In the past, a project team almost always resided in one location. The reason is obvious: it wasn't easy to communicate and collaborate with people who were not in the same physical location. Although it's still common for a project team to be in relative close proximity, it's not out of the ordinary to have team members physically located in many different places. In some cases, you may have team members that are teleworking from home. In other cases, you may be partnering with a third-party company -- perhaps even internationally.
All of this is more common today because of advances in technology and software. People can access your company's computer network remotely with almost the same speed as if they were in the office. Software is available to share documents and make updates available real-time to the rest of the team. The team can get together as needed using phone conferencing. You can even see each other if you like using teleconferencing or utilizing video technology over the web.
That's all good news. The not-so-good news is that it is still easier to manage a team when the members are located together. There's no technology that can take the place of talking to them face-to-face. But these ideas can help you better manage a dispersed project team.
- Make sure people have the right attitude. Both the project manager and team members must be especially diligent and sensitive to collaboration and teamwork concerns when part of the team is remote. It's easy for a remote worker to feel isolated from what's going on with the rest of the team. People who're working remotely must be proactive communicators and must be especially good at working independently and meeting their deadlines.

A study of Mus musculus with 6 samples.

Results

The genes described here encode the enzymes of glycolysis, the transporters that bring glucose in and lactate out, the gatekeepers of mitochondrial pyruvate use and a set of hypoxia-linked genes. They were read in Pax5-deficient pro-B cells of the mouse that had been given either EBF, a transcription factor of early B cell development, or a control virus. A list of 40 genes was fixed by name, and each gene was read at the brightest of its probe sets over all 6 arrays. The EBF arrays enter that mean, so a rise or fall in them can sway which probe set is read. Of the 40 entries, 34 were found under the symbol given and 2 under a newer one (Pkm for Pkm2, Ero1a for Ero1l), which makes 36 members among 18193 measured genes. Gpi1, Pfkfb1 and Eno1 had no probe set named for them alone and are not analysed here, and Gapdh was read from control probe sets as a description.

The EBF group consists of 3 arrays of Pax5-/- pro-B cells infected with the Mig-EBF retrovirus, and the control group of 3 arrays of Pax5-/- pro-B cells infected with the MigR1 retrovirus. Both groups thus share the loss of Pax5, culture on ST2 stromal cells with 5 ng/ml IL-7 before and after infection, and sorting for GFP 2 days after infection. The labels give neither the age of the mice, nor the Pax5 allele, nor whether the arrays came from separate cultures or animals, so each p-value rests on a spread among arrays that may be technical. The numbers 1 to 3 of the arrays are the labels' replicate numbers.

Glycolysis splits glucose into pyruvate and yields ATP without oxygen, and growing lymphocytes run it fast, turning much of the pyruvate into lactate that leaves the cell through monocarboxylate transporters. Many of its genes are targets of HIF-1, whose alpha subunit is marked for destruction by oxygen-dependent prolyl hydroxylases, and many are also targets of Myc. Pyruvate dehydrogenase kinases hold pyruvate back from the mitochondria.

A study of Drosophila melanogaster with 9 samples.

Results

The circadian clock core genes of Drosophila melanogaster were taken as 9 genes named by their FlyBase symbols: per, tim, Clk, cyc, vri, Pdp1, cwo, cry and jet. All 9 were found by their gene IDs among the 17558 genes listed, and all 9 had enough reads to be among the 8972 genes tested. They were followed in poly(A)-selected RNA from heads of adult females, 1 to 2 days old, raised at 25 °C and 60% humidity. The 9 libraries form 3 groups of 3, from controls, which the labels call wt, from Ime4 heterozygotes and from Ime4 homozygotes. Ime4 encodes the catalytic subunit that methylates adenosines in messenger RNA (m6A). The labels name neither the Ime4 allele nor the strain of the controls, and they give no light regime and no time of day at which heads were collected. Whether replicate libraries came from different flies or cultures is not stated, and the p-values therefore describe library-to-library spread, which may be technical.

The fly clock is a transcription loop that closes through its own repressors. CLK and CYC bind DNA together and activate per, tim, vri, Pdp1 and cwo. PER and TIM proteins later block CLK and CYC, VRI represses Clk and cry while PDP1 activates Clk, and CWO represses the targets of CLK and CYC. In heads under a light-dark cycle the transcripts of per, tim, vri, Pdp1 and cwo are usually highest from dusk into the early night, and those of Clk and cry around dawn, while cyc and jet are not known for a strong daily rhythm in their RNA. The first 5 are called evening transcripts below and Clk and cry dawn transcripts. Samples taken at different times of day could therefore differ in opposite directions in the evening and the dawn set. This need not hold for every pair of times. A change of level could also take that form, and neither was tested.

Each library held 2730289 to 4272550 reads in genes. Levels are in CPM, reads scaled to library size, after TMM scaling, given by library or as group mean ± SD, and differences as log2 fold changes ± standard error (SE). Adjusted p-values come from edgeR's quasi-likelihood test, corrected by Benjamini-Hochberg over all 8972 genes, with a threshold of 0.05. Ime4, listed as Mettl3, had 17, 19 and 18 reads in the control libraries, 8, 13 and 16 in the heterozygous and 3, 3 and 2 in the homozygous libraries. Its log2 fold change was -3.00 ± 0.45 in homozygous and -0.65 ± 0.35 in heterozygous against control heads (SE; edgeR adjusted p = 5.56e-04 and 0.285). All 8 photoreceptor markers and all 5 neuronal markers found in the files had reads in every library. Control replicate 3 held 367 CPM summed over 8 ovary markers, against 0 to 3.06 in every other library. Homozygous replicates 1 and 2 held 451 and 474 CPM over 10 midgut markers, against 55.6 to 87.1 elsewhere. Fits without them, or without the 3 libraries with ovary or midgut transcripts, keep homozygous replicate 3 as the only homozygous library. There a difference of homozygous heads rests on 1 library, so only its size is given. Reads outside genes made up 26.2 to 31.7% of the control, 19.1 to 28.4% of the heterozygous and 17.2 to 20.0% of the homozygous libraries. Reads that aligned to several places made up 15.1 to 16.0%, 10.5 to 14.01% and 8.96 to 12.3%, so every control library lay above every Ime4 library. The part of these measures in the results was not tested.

- Establish good communication processes. The project manager needs to develop a proactive Communication Plan to ensure the dispersed team works well together. For instance, if possible, there should be regularly scheduled meetings where the remote workers attend in person. If the team members are in different cities or different countries, look for common times when you can have a videoconference or audioconference.
- Plan the handoffs. Sometimes multiple people in different locations are working on the same, or related, deliverables. In these cases, the project manager may need to establish rules for handoffs, especially if different time zones are involved. Don't leave the handoffs to chance. Set up processes to ensure that work on shared deliverables transitions smoothly from one person (or team) to another person (or team).
- Make sure everyone has the right technology. Make sure that your remote team members have the right hardware, software, and other equipment to get their work done. For example, if some team members are working from home, a 14.4 modem probably will not cut it. Each remote location needs communication equipment, printers, fax machines, phones and the other basic equipment needed to communicate effectively.
- Utilize collaborative technology. There are many products on the market that allow for much easier collaboration among people who are in different locations, much of which is web-based. For instance, you can get software that facilitates web meetings, common document editing, discussion boards, remote testing, etc.
The bottom line is that the project managers must recognize that there is inherent risk associated with remote team members. To a certain degree, the risk gets larger the further away the team members are because you not only deal with distance, but also time differences. However, a proactive project manager can work through the difficulties by looking holistically at the people concerns, process concerns, and technology concerns. You can set up a risk management plan to mitigate the risk and ensure that the dispersed team works well together for the common good of the project and the team.